Daily Tax Report: State provides authoritative coverage of state and local tax developments across the 50 U.S. states and the District of Columbia, tracking legislative and regulatory updates,...
By Chris Marr
A Netflix tax proposal will be on the agenda for the Georgia legislature in 2019—part of a larger movement of states to broaden their sales tax bases to tap into the increasingly digital economy.
The Georgia proposal’s chances of passing could be helped by the state’s recent income tax cuts and a focus on rural development.
The state would overhaul its communications service tax — lowering the rate on cell phone and cable TV services to 4 percent and imposing the same 4 percent sales tax on “digital goods and services” — under a proposal offered by the state House’s Rural Development Council. The council’s wide-ranging recommendations have the backing of House leadership. Revenue from the expanded communications tax would help fund expansion of rural broadband internet services.
The digital goods and services tax would likely apply to video and music content accessed via the internet through companies including Amazon.com Inc., Apple Inc., Netflix Inc., Pandora Media Inc., and Spotify Ltd. If the proposal succeeds, Georgia would join states such as Florida, North Carolina, Pennsylvania, and Washington in imposing a sales tax on streaming media services. Chicago remains in litigation over its 9 percent amusement tax, which it extended to cover Netflix and similar media services in 2015.
The Georgia proposal isn’t a sure win in the GOP-led legislature. But the heads of the House and Senate tax-writing committees say there’s growing acknowledgment that consumers’ shift to digital goods and services is causing the sales tax base to erode.
Music purchases and video rentals that once took place in a store—where they were subject to sales tax—now take place over the internet.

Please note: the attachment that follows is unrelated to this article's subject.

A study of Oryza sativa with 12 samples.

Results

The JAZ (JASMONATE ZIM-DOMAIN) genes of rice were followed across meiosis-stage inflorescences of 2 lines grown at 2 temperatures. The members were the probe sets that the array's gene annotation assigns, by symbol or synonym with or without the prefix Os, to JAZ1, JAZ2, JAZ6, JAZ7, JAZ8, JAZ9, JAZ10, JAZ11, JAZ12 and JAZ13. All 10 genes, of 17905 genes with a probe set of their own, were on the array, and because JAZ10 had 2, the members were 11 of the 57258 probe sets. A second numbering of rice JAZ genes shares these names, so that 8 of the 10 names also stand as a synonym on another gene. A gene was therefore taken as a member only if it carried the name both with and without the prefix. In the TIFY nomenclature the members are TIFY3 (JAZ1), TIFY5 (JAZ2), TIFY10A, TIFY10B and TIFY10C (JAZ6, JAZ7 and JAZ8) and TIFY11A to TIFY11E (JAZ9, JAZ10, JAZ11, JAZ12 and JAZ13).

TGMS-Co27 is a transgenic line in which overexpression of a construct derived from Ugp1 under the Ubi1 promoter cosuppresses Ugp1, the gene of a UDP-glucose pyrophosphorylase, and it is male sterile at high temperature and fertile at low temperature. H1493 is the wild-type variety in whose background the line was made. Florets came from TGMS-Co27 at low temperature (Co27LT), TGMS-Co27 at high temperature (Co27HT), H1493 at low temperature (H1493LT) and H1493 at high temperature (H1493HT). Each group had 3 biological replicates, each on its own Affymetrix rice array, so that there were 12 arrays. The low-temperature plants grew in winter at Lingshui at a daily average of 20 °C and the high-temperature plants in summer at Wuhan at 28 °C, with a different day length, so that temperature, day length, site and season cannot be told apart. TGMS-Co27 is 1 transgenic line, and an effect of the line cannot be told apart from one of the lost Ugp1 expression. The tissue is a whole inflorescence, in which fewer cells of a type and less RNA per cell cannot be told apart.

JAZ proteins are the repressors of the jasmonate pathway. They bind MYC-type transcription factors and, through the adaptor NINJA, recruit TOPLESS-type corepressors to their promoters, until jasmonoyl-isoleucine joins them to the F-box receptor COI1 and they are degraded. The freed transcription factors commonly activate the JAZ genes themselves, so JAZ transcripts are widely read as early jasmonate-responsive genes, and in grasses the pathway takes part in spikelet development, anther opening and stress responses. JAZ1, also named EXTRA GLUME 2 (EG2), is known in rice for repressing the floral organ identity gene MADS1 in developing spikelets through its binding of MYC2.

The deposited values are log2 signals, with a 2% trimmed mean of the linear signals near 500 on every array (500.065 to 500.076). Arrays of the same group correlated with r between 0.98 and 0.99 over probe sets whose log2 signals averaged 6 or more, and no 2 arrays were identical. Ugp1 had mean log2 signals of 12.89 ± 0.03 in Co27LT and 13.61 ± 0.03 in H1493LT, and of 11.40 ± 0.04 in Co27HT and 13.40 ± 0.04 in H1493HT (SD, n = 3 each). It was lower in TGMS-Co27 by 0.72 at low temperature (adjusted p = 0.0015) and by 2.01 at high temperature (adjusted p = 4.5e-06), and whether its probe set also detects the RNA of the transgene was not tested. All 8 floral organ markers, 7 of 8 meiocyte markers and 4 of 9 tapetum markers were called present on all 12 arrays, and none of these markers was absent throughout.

“It is controversial, but the world is changing,” Senate Finance Committee Chair Chuck Hufstetler (R) told Bloomberg Tax Dec. 18. “I don’t want that loss of sales tax that we’re seeing to mean a greater income tax.”
“We’ll have to look at the details” of the proposal if it passes the House, he said.
A broadened sales tax base could help the state afford further income tax cuts, Hufstetler said, although he predicted the legislature wouldn’t pursue those cuts in 2019 as it waits to see how recent cuts affect state revenue.
The legislature in 2018 approved cutting the individual and corporate income tax rates to 5.75 percent for 2019, down from 6 percent. The tax cut legislation also called for a further cut to 5.5 percent in 2020, if the legislature and governor approve during the 2020 session.
The Georgia legislature rejected previous proposals for digital media taxes, including a similar overhaul of the communications service tax in 2018. But House Ways and Means Committee Chair Jay Powell (R) said GOP lawmakers are getting more comfortable with the idea that it isn’t a tax increase.
“I think there’s an increasing awareness that we’re really not talking about new taxes,” he told Bloomberg Tax Dec. 10. Powell also co-chaired the House Rural Development Council that recommended the proposal. “We’re talking about a market that has converted tangible personal property” that historically has been subject to sales tax “into a digital format.”
Unlike 2018, 2019 also isn’t a re-election year for state legislators whose constituents might not be thrilled about a vote to add sales tax to their Netflix bills.
Gov.-elect Brian Kemp (R) is reviewing the rural development proposals, spokesman Cody Hall told Bloomberg Tax Dec. 19, without commenting specifically on the digital media tax. Kemp has spoken publicly about his support for efforts to bolster rural Georgia.